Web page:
Microinsurance as empowerment in developing Asia-Pac economies

Instead of straight dole-outs, microinsurance instils a sense of dignity and empowers poor communities as they recover from disasters

Insurance News

By Gabriel Olano

According to several government and private sector experts, microinsurance is not only a source of capital during a catastrophe, but it can also provide empowerment and a sense of dignity, according to Lean Santos of Devex.
Development stakeholders have shown increased interest in adding microinsurance, also known as inclusive insurance, as an adaptation measure, said Emmanuel Dooc, chairperson of the Mutual Exchange Forum on Inclusive Insurance (MEFIN).
“Providing people with financial coverage especially in times of disasters and risks is crucial. [Through microinsurance], people’s self-esteem is intact because the payment, however little, comes from their own pockets,” Dooc said during MEFIN’s public-private dialogue held last week.
Microinsurance also helps develop resiliency, according to MEFIN, as poor individuals “manage financial risks in the light of extreme weather events due to climate change.”
MEFIN is comprised of representatives from Indonesia, Mongolia, Nepal, Pakistan, the Philippines and Vietnam, and aims to facilitate constructive discussions among various development stakeholders in order to come up with insurance solutions for low-income and informal sectors of society. These benefit those that are most at risk from natural disasters.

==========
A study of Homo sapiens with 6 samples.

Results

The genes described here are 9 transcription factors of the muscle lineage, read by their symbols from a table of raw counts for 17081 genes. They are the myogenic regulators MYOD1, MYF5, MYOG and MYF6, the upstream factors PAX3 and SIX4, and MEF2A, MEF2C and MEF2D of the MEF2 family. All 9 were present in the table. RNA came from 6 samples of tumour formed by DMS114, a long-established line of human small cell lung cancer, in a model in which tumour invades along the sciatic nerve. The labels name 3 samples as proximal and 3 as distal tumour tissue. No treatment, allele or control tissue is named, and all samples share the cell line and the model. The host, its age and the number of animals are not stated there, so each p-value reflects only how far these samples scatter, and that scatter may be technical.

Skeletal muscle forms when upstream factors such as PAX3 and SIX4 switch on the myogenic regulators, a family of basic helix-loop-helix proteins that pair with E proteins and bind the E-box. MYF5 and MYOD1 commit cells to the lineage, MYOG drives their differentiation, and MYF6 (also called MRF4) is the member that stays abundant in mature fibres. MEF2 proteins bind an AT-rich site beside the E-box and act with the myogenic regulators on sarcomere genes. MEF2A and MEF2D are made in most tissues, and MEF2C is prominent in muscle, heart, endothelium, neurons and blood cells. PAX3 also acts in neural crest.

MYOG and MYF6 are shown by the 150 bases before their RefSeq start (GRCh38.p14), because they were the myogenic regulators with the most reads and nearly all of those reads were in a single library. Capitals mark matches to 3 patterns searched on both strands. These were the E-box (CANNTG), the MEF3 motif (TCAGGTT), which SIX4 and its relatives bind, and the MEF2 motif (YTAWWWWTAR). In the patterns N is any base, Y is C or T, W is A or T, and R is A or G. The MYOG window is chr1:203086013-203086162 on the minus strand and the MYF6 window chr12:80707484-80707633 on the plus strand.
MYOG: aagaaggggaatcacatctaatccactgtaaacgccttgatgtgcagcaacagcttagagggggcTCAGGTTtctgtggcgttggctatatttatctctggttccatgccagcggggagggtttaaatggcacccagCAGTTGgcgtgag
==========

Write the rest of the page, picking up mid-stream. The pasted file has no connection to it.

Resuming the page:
Microinsurance also inculcates self-awareness and security for families, said Antonis Malagardis of German aid agency Deutsche Gesellschaft für Internationale Zusammenarbeit (GIZ).
“They don’t necessarily rely on dole-outs, which is exactly the point of creating self-respect,” he added.
These initiatives are much-needed in the Asia-Pacific region, which holds two-thirds of the world’s poor and is very vulnerable to natural disasters such as typhoons, earthquakes, and floods. Microinsurance benefits around 170 million people in the region, compared to 130 million and 80 million covered in South America and Africa, respectively.
However, there are several obstacles to microinsurance, first and foremost being the public’s mindset. “People have to start believing that insurance is not only for the rich. They have to understand that they can be protected by paying 20 or 30 pesos [US$0.40 – 0.60] a day or a month,” said Malagardis.
Other problems include the prevalence of a nomadic lifestyle in Mongolia, making monitoring and access difficult. Meanwhile, Pakistan does not formally recognize microinsurers, stifling expansion efforts.
Despite these hurdles, Malagardis believes that there are still incentives to encourage stakehodlers’ participation. If microinsurance is able to react quickly in the wake of a disaster, people will begin to trust in the system and the providers.
Engaging in microinsurance can also benefit existing insurers, providing them with avenues for expanding operations, gaining bigger market shares, and diversifying portfolios and product offerings.